Is ballet a laugh? It can be many things: virtuoso, transporting, brassy, bewildering, beauteous – and sometimes it can tickle the ribs. But funny? As in ha-ha? Rarely.
The all-male Ballets Trockadero de Monte Carlo, though, are a hoot. Assuming cod-Russian stage names and playing both male and female roles, the dancers have a unique take on the art of ballet that is part parody, part tribute. They lampoon the wistful mood of Les Sylphides: starlet squabbles break out in the corps, farcical mime (“Call me later, OK?”) punctures the swooning lilt of the music.
Offsetting these down-to-earth “ballerinas”, Bernd Burgmaier plays the (male) Poet as an otherworldly airhead, wandering off at inappropriate moments and barely aware of his partner, let alone the audience. In The Dying Swan, Olga Supphozova (Robert Carter) expires gracefully, absurdly, her tutu shedding feathers like a split eiderdown.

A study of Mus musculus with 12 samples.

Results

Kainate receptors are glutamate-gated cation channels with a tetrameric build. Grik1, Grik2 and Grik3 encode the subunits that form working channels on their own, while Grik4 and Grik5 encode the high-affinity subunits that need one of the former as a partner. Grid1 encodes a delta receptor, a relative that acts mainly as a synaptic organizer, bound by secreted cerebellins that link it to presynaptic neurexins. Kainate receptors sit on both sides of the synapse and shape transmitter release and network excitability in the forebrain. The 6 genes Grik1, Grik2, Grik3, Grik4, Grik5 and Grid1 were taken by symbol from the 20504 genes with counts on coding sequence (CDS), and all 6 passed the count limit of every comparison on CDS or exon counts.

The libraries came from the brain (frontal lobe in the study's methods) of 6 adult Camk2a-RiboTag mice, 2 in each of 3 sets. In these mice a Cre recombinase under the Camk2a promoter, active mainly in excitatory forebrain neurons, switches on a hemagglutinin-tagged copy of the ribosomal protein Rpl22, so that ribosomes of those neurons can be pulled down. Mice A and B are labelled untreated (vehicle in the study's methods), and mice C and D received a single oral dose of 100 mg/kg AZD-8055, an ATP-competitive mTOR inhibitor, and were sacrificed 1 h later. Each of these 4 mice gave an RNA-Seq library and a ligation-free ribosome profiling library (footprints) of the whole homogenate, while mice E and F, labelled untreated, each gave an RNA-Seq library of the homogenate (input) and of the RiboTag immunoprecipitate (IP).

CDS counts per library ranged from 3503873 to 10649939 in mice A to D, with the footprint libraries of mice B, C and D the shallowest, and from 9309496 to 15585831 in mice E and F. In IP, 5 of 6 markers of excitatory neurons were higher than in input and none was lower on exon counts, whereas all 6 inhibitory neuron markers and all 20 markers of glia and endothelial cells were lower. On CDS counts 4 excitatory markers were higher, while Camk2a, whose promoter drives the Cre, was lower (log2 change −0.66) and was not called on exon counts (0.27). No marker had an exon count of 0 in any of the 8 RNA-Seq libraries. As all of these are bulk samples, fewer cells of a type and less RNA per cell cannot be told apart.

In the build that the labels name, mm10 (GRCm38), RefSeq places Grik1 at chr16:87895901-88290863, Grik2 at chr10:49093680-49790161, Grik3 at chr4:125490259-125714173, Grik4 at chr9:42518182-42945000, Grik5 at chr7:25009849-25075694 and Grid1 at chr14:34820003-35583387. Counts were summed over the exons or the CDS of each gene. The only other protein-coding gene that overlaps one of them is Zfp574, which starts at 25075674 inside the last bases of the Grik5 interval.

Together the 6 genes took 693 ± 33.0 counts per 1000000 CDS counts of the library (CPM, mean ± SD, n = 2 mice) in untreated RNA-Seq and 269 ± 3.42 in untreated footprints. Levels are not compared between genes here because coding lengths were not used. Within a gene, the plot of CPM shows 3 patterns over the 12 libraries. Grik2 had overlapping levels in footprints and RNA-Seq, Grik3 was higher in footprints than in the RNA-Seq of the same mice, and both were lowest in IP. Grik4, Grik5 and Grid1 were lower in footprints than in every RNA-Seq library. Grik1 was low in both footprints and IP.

pushes the neoclassical "American" style of choreographer George Balanchine to just the right level of comedy
But the Trocks aren’t simply a bunch of guys with pins to burst the ballet bubble. They are also serious dancers, both on and off pointe, and underlying the pratfalls and the high-strung histrionics are respect and affection for their art. In Les Sylphides, well-built Minnie van Driver (Joseph Jefferies) dances with poise and fleetness; in Raymonda, Svetlana Lofatkina (Fernando Medina-Gallego) whips off dazzling spins. And in Go for Barocco, the company pushes the neoclassical “American” style of choreographer George Balanchine to just the right level of comedy: his jazzy inflections become cheerleader poses; his spare athleticism turns, hilariously, into power-walking.
Is it possible to overdo it? Not when it comes to Flames of Paris, with its swaggering Soviet style. Gallego bigs up the male role, all bounds and brio, while the remarkable Yekatarina Verbosovich (Chase Johnsey) commands the stage with a bravura technique and the majestic attitude of a true prima ballerina. Virtuoso, brassy, beautiful and funny, they play the audience like pros – and the audience love them for it.